Try Not To Laugh: Trump Camp Quietly Reaching Out To Muslims For Support


The HIll reports that Trump’s top foreign policy adviser, Walid Phares, has quietly opened backchannels within Muslim and Middle Eastern communities in the U.S. in an attempt to win over a small but increasingly important voting bloc.

Prominent Muslim Republicans and conservative Middle Eastern activists in the U.S. are being courted by the Trump campaign. It’s almost funny considering the GOP front-runner’s ‘ban Muslims’ remark.

The Hill reports:

In a Friday phone interview with The Hill, Phares said Trump campaign officials had not directed him to engage with the groups. Rather, he described the talks as a natural extension of the relationships he’s built over decades of policy work on Middle Eastern affairs.

Phares said that he initiated contact with several individuals and groups to ask them to organize for Trump or to sell them on Trump’s positions in hopes that they’d at some point support the likely GOP nominee.

But the bulk of the discussions, Phares said, were initiated by curious Muslim Republicans or Middle Eastern conservatives seeking additional information on Trump’s views or hoping to influence his policies – particularly as they pertain to the temporary ban on Muslims entering the country.

“Most of those who reached out said they want to support Mr. Trump, but they’re not clear about some of the statements he’s made,” Phares said.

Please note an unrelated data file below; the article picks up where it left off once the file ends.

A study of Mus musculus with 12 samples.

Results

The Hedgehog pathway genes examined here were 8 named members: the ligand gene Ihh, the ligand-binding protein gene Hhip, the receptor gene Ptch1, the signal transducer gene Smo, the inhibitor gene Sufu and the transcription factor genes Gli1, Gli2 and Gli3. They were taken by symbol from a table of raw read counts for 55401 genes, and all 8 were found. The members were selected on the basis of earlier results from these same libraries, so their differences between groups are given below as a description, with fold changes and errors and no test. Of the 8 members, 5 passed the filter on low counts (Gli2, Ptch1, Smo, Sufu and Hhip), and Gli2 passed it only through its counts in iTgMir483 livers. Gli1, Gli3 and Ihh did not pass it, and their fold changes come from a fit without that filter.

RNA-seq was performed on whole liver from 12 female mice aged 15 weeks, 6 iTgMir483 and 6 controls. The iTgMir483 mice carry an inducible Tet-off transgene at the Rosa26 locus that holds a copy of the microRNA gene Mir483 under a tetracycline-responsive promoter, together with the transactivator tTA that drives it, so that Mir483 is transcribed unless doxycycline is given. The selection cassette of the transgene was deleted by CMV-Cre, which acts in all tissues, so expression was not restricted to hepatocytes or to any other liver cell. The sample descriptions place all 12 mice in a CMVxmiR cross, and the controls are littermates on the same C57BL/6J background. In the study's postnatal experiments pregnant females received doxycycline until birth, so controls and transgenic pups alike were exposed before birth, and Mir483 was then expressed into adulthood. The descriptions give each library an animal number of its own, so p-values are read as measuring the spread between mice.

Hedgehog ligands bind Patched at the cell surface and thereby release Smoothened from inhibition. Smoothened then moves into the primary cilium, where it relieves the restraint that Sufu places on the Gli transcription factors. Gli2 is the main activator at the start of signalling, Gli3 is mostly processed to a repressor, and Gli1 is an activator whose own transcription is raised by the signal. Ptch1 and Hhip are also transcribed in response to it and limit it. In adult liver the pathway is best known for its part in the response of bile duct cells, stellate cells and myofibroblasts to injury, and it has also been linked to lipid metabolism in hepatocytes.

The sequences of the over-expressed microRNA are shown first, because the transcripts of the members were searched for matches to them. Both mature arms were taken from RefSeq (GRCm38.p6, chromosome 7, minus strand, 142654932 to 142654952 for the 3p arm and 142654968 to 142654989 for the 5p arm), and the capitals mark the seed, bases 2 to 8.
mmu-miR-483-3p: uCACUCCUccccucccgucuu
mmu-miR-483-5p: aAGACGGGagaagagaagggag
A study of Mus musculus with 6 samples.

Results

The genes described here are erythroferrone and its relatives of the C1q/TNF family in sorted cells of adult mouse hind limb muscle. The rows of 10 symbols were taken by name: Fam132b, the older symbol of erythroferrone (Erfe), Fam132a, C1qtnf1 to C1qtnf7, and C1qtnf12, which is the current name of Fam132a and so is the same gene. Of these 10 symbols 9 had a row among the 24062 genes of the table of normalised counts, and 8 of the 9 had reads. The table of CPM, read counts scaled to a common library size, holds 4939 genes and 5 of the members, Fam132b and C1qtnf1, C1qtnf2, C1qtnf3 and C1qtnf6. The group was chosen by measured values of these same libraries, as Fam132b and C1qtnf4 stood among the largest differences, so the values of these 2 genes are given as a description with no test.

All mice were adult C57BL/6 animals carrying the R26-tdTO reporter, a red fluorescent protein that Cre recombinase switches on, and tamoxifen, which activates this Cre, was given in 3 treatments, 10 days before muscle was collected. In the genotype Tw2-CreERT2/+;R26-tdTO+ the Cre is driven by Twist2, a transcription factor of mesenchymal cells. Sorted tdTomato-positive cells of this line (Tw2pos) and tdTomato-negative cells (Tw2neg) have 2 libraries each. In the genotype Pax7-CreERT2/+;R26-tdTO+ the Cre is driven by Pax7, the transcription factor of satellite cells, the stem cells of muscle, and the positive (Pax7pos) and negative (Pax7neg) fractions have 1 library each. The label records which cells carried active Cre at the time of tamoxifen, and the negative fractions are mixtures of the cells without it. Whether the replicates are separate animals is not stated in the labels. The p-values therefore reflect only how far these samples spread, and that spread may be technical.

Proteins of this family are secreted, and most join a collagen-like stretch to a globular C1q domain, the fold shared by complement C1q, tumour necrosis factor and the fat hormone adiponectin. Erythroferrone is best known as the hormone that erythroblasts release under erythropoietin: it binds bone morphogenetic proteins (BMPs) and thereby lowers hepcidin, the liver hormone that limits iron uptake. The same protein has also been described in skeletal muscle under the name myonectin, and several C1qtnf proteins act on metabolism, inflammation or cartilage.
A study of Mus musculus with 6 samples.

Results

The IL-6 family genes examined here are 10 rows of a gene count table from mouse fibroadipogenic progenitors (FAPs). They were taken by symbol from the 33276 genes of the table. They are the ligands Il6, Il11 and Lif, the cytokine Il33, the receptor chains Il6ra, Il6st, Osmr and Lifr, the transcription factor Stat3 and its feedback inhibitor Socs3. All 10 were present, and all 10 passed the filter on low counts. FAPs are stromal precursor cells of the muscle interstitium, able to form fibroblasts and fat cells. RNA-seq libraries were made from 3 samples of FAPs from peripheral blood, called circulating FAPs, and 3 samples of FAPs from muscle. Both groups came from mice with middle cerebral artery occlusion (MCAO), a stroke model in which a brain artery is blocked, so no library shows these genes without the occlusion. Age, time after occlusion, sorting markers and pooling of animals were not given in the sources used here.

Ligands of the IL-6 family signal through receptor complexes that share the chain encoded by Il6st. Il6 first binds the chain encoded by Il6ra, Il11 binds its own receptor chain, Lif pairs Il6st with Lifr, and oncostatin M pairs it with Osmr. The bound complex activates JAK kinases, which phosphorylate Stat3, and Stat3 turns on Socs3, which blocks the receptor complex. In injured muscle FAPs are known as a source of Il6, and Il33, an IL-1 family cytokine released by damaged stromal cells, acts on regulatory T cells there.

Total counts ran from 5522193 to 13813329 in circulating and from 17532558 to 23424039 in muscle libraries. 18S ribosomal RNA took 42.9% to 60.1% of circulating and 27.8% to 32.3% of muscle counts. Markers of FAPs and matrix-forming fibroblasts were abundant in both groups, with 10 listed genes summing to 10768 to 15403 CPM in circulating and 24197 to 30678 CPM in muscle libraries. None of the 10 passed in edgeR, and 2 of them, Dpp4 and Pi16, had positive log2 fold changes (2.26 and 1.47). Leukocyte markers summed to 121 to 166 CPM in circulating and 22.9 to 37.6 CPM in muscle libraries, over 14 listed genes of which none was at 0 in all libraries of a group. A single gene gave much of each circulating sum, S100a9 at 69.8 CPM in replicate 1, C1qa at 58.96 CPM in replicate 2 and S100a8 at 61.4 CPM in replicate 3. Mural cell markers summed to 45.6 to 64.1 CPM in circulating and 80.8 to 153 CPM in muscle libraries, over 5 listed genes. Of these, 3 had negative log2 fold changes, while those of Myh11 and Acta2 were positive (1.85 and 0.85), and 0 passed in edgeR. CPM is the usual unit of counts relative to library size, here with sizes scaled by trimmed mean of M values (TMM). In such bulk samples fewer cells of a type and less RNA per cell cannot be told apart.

“Right now the ban is just a few sentences in a foreign policy announcement and a tweet, it’s not like he’s written books or published articles or delivered lectures on this,” Phares said about Trump’s ‘ban Muslims’ rhetoric. “He’ll continue to add context and distinction to his position as he gets new information.”

Wait for it.

Phares is a Lebanon-born Christian who has been blasted by the left over allegations of past ties to Lebanese insurgent groups. Some Muslims have expressed concern about his rhetoric.

Some of those that Phares reached out to are still trying to wrap their minds around Trump’s candidacy.

“They approached me and said – ‘what should I do’?,” the source said. “I said – by all means, engage. Meet with the campaign. Speak with the campaign. Address the community’s concerns.”Trump, who has

In addition to banning an entire religion from entering America, Trump previously called for surveillance against mosques and said he was open to establishing a database for all Muslims living in the U.S.

Trump’s remarks garnered condemnation from his Republican rivals. Lindsey Graham, among others, took to his Twitter account to write, “He’s putting at risk the lives of interpreters, American supporters, diplomats, & the troops in the region by making these bigoted comments.”

Image: Gage Skidmore via Flickr, allowable under Creative Commons license.